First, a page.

Pickling. It’s funny how food trends come and go. One moment it’s the humble burger, slutted up and pimped out with real, thick meat lovingly quarter pounded between perfectly formed brioche buns, the next its corn chips and burritos smuggled to our shores like some kind of new fandangle designer crack from the southern Americas. These trends come on fast like mescaline and our nation of food junkies seem to have such a thirst for the next experience that we will wait sober for hours to sample foods that were previously reserved for the drunken time warp between “I’m going home” and “honey, I’m home”.
Way back when cars were carts, eggs were a seasonal food only available in the summer. Pickled eggs were created so you could still enjoy them during those cold, lean times. Fast forward a few hundred years and you probably picture your pickled eggs looking like biological specimens at the back of musty village pubs. Don’t let your eyes deceive you, though. Pickled eggs are delicious dropped in a bag of salty crisps or as part of a cold buffet. If you’re making your own, experiment with spices and seasoning to suit your taste.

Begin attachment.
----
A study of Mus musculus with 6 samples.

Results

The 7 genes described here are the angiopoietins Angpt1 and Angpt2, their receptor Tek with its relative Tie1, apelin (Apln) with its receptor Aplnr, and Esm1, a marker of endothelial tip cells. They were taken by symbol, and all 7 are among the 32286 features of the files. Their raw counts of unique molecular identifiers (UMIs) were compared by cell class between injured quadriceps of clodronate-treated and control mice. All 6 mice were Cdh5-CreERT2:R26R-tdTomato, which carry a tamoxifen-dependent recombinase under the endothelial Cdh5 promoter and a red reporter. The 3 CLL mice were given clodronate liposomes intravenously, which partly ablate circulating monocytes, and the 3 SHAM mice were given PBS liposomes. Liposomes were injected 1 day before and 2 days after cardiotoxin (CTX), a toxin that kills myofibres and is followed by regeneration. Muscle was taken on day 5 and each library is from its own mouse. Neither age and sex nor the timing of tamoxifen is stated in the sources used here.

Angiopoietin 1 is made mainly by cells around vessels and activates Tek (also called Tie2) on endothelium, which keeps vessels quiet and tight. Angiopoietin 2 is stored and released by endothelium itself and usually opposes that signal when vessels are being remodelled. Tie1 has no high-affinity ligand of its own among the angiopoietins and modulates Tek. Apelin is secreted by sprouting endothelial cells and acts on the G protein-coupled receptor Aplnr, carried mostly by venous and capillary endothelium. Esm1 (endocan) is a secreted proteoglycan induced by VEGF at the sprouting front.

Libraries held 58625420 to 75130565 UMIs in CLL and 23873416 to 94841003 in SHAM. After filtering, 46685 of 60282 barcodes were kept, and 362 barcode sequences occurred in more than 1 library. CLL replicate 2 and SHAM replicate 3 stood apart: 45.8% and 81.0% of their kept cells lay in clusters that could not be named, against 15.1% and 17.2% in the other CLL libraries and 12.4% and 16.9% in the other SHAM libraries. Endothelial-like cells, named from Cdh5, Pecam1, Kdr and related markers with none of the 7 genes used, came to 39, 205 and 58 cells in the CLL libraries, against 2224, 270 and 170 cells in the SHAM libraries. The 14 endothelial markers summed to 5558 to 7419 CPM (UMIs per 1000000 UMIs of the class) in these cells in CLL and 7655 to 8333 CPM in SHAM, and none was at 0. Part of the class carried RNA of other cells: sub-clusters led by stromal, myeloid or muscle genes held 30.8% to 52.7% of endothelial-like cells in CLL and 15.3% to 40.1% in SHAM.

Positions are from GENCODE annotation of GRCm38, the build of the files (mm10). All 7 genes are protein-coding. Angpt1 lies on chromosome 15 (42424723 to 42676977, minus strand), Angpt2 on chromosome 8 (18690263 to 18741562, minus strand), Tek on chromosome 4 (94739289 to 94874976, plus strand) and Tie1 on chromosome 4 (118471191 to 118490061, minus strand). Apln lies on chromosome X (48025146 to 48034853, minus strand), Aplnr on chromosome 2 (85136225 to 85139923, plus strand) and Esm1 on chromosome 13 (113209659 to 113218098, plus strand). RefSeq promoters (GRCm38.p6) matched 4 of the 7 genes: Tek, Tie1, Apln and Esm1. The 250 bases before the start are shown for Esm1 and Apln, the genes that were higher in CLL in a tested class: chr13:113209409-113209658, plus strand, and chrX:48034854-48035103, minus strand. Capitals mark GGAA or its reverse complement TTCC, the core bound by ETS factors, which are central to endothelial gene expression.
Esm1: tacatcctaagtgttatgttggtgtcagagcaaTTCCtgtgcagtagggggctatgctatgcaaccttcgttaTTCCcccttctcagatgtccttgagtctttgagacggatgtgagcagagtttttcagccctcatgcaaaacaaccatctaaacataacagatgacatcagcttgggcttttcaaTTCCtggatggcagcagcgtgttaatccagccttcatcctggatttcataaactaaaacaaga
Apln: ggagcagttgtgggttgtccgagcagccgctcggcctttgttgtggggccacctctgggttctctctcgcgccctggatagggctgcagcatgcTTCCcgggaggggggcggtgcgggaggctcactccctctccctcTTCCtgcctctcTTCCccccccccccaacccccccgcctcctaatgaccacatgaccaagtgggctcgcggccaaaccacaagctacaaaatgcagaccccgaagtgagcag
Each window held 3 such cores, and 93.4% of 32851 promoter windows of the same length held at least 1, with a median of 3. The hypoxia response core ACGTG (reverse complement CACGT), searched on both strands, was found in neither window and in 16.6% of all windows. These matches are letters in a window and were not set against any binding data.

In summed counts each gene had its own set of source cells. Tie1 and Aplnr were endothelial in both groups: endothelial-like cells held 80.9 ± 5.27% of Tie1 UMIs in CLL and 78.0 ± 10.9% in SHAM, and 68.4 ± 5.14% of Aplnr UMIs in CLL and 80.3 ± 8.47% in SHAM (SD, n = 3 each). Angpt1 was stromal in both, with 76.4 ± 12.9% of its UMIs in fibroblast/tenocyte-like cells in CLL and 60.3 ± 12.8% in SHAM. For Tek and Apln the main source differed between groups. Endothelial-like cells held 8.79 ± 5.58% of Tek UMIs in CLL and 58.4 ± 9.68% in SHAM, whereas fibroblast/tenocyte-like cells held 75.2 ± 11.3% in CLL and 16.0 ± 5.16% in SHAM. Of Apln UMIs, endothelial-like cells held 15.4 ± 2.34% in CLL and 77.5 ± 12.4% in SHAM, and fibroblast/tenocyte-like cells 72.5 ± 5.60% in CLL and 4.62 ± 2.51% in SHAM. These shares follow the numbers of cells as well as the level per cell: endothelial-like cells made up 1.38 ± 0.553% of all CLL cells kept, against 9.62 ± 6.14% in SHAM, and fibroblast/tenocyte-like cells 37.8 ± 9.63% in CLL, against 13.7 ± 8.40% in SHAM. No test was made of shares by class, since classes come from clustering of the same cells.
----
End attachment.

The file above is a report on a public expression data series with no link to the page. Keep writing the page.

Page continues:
Three ways to mix it up
- For a pink colour and a sweet-and-sour taste, add a cup of beetroot juice to your pickling solution
- For Spicy Cajun Pickled Eggs, add 2 teaspoons of allspice, 2 bay leaves, 2 tablespoons peppercorn, 2 chilli peppers, half a teaspoon of garlic powder and 4 dashes of Tabasco and don’t strain your pickling solution before adding to your eggs
- For Jalapeno Pickled Eggs, add an eight ounce can of whole jalapeño peppers, 2 teaspoons of mustard seeds, 2 teaspoons of coriander seeds and another 5 cloves of garlic. Don’t strain your pickling solution before adding to your eggs.